Tulipwood CLT proves a couple of points

The world’s first building made from hardwood cross-laminated American Tulipwood opens in Oldham, UK

Wood has more health and wellbeing benefits than any other building material, according to Wood Housing Humanity Report, 2015.

Maggie’s Oldham, the world’s first building made from hardwood cross-laminated timber (CLT), was opened late in 2017 in the UK. Designed by dRMM Architects and supported by the American Hardwood Export Council (AHEC), the opening is a pivotal moment for modern architecture and construction.

Maggie’s is a charity that provides practical and emotional support to people living with cancer. Built on the grounds of specialist NHS cancer hospitals, Maggie’s Centres are warm and welcoming places with qualified professionals on hand to offer a programme of support shown to improve physical and emotional wellbeing.

dRMM chose tulipwood for the design of Maggie’s Oldham for the positive influence wood has on people and for the beauty, strength and warmth inherent to American Tulipwood.

Wood is known to significantly reduce blood pressure, heart rates and recovery times; it has more health and wellbeing benefits than any other building material, according to Wood Housing Humanity Report 2015.

According to dRMM, this pioneering piece of permanent architecture has been constructed from more than 20 panels of five-layer CLT from American Tulipwood, ranging in size from 0.5-12 metres long.

American Tulipwood is approximately 70% stronger in bending than a typical CLT grade softwood. The structural CLT panels for Maggie’s Oldham were developed by CLT specialists, Zublin Timber.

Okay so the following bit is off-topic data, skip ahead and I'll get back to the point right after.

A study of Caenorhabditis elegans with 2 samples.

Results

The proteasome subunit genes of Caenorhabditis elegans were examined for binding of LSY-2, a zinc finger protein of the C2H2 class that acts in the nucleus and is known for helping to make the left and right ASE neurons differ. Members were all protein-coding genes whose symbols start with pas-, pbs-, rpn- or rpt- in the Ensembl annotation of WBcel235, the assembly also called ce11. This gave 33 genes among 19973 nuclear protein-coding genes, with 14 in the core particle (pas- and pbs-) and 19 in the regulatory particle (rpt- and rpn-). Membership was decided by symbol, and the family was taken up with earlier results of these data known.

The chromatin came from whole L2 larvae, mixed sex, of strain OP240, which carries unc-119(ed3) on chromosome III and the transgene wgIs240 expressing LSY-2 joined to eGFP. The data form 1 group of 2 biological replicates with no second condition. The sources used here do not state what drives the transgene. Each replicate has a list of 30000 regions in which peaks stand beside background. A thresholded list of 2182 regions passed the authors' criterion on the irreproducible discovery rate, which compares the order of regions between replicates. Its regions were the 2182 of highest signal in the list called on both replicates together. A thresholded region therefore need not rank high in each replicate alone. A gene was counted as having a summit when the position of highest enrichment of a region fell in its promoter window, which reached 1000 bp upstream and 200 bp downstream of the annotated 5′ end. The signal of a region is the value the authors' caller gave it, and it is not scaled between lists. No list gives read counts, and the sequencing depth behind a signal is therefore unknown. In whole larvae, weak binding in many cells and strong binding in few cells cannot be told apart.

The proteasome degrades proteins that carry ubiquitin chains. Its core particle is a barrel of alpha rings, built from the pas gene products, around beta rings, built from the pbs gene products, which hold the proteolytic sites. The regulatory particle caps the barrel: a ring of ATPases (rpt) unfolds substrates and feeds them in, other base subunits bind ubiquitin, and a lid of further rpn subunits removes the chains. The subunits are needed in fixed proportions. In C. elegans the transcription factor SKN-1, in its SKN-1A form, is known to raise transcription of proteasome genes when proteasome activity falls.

Maggie’s Oldham contains 27.6 cubic metres of American Tulipwood and 1.1 cubic metres of American Ash, which comes from around 115.7 cubic metres of logs – and all these logs will be replaced in just 120 seconds (108 seconds for Tulipwood and 12 seconds for Ash).

According to AHEC, Maggie’s Oldham structure proves that hardwoods have a role to play in the timber construction revolution. Previous AHEC projects – Timber Wave, Out of the Woods, Endless Stair and The Wish List – have all been significant projects; but this centre proves that a building made of Tulipwood CLT is possible, and that it can be done on a strict budget and in record time.

“For AHEC, Maggie’s Oldham is one of the most important developments in a decade of research and development into structural timber innovation and one that could broaden the use of CLT in the construction industry. The creation of this product and significant use of hardwood will transform the way architects and engineers approach timber construction,” said Mr. Roderick Wiles, AHEC Director for Africa, West and South Asia and Oceania.

Tulipwood is the fourth-most abundant timber in US hardwood forests, representing 7% of the total growth, only exceeded by American red Oak (18%), white Oak (15%) and soft maple (11%).

AHEC is the leading international trade association for the US hardwood industry, representing all major US hardwood production trade associations. It runs a worldwide programme to promote American hardwoods in over 50 export markets, concentrating on providing architects, specifiers, designers and end-users with technical information on the range of species. More at www.americanhardwood.org.